Today’s bourgeoisie indeed has much to lament. The smoothie that contemporary culture has become, in which others’ ideas are combined, recombined or merely embellished, prevents and denies any real opportunity for true originality. It is unfortunate, but culture predates our pitiful existences by many millennia. Whether one is optimistic or otherwise, this blender is very, very full.

Following such reasoning, any and every epiphany that follows the viewing of 8 Women (2002) that considers its surprising similarity to the game, Cluedo, is neither inspired, nor unique. A quick internet search confirms it thus. However, the very same internet search reveals that online writers generally only employ this idea for the linguistic purposes of the glorious segue, or for a passing comment. It does not appear that anyone has constructed any substantial piece of writing with an 8 Women/Cluedo twist. As it was in 1789, victory lies once more with the bourgeoisie: originality can be feigned.

WHODUNIT? In a remote country mansion, eight women, all masters of deceit and spontaneous musical numbers, gather to celebrate Christmas in the midst of a very icy French winter. Up a pithy flight of stairs, dwelling mysteriously in his room, is patriarch Marcel (Dominique Lamure) face down with a knife between his shoulders, apparently quite dead. This game of Cluedo has partially been solved; we know that little, taunting envelope in the middle of the board contains the cards “bedroom” and “knife”, but what of the last card? Which of these women committed the murder, and why?

Was it the resplendent matriarch, Gaby (Catherine Deneuve), who had not of late maintained the best relationship with her husband? Money as it turns out, isn’t everything, especially when it doesn’t exist in the first place.

Was it Mamy (Danielle Darrieux), who never really liked Dominique to begin with? Wheelchair bound for a sizeable portion of the film, she makes a miraculous recovery, making a spritely dash up the stairs before being sequestered in a closet by her relatives for an enforced time-out. Apart from that, she doesn’t seem to do much else.

Was it Augustine (Isabelle Huppert), secretly in love with her sister’s husband? Pale, uptight and dressed in very austere attire, our resident hypochondriac is the poster-woman for repressed sexuality, a role that Huppert seems born to play.

Was it Louise (Emmanuelle Béart), the family’s newest maid whose saucy past comes back to haunt her? It is certain that she was the last to visit the bedroom, bearing a late night spot of tea, but uncertain what it was exactly that she did there.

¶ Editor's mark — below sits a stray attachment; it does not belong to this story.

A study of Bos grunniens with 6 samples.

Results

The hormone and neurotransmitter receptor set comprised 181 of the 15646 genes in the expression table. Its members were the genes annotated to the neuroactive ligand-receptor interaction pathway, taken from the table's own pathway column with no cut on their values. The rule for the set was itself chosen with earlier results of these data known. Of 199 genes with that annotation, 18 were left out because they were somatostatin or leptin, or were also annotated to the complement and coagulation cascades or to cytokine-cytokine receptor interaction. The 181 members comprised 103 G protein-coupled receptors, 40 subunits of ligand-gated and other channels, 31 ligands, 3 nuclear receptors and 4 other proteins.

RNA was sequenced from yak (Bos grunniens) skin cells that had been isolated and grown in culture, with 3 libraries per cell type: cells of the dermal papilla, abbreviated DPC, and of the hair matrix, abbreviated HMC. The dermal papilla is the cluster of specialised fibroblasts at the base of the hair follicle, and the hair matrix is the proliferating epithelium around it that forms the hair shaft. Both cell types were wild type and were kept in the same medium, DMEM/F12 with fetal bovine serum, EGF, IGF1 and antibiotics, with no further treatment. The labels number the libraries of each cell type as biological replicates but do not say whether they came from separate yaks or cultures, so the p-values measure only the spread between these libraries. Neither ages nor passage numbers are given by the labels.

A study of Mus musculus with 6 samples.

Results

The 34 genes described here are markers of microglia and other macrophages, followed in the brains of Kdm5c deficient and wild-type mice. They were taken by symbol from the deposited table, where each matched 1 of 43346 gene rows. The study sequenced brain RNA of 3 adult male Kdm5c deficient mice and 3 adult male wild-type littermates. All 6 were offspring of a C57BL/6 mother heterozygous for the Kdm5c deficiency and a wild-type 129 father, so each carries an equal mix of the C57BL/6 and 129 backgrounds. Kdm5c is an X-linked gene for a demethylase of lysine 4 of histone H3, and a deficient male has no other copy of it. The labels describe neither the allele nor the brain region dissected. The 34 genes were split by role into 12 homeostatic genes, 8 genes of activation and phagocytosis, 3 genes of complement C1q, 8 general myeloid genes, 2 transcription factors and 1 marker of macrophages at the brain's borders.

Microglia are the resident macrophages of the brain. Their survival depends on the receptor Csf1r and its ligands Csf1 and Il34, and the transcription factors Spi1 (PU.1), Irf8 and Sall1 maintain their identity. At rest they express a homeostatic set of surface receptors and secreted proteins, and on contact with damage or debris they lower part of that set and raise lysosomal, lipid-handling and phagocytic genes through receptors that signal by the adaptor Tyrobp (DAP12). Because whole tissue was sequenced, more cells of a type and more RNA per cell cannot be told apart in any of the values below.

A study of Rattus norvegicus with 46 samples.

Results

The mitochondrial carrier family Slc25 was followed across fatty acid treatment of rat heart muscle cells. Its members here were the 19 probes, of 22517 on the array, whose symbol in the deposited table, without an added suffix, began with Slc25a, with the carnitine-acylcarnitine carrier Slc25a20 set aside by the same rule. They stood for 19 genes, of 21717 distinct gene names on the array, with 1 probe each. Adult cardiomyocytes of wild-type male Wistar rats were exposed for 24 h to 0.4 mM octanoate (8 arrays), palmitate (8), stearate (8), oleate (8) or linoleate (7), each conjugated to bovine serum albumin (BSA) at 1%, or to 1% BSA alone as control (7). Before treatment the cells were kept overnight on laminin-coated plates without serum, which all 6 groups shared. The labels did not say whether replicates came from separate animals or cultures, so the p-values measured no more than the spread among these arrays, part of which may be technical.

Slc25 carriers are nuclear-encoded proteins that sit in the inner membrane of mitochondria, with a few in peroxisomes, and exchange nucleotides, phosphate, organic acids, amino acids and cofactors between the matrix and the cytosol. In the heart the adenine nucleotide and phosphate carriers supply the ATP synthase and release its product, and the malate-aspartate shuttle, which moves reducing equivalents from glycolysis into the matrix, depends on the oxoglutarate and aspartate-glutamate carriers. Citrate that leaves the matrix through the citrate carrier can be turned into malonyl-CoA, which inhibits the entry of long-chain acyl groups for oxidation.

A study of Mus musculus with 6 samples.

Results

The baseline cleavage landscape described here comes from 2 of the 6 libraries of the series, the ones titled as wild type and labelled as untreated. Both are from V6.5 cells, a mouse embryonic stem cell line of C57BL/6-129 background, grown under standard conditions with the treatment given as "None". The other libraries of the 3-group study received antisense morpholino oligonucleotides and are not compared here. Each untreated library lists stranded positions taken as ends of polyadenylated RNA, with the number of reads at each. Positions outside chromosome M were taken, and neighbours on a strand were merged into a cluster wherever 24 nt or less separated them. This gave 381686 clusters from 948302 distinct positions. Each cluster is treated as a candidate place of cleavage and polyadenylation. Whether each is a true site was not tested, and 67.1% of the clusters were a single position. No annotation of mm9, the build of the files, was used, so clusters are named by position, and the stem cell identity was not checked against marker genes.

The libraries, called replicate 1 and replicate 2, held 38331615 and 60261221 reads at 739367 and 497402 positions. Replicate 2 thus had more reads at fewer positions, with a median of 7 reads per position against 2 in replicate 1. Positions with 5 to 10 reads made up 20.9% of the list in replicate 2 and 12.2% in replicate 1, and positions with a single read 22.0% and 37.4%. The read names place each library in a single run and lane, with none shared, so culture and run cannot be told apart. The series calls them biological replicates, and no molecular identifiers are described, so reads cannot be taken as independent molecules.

Was it Pierrette (Fanny Ardent), the cash-strapped sister of our murder victim? Despite an unfortunate name and vicious insinuations pertaining to her profession, Pierrette is anything but innocent and her late arrival sets tongues, tails and fingers wagging.

Was it Suzon (Virginie Ledoyen), returned mysteriously and prematurely from boarding school? Dressed entirely in pink, it is revealed that she and her ridiculous hat maintained an unorthodox relationship with her father, the late Dominique.

Was it Madame Chanel (Firmine Richard), the loyal and tolerant servant with a penchant for gambling? Despite her fidelity to the family that seems to have spanned at least a generation, fingers are quickly and unfairly pointed right at her head.

Or was it little Catherine (Ludivine Sagnier), the only character in the film to wear trousers and the only one who seemed to actually love her father unconditionally?

As accusations fly, the narrative and its premise are gradually drawn out in a vitriolic fashion, each woman in turn playing the part of private investigator. Like hyenas, they rip themselves to shreds before the timely – and a highly anticipated – dénouement. The timing of said dénouement is unfortunate as there was certainly time for at least another awkwardly performed musical number, more odious, circular argumentation and another badly acted lesbian make-out scene. Woe indeed.

True to whodunit form, the end is unflatteringly banal. The truth expounding envelope in the middle of the board is compelling no more. Just as it is in a game of real world Cluedo, one is either too drunk or disinterested to care who the murderer is and wishes to stamp all the plastic characters into the rug until they resemble a dropped packet of sprinkles. ‘Whodunit?’ organically gives way to ‘Where’s dinner?’, and not a moment too soon. Agatha Christie would be so proud.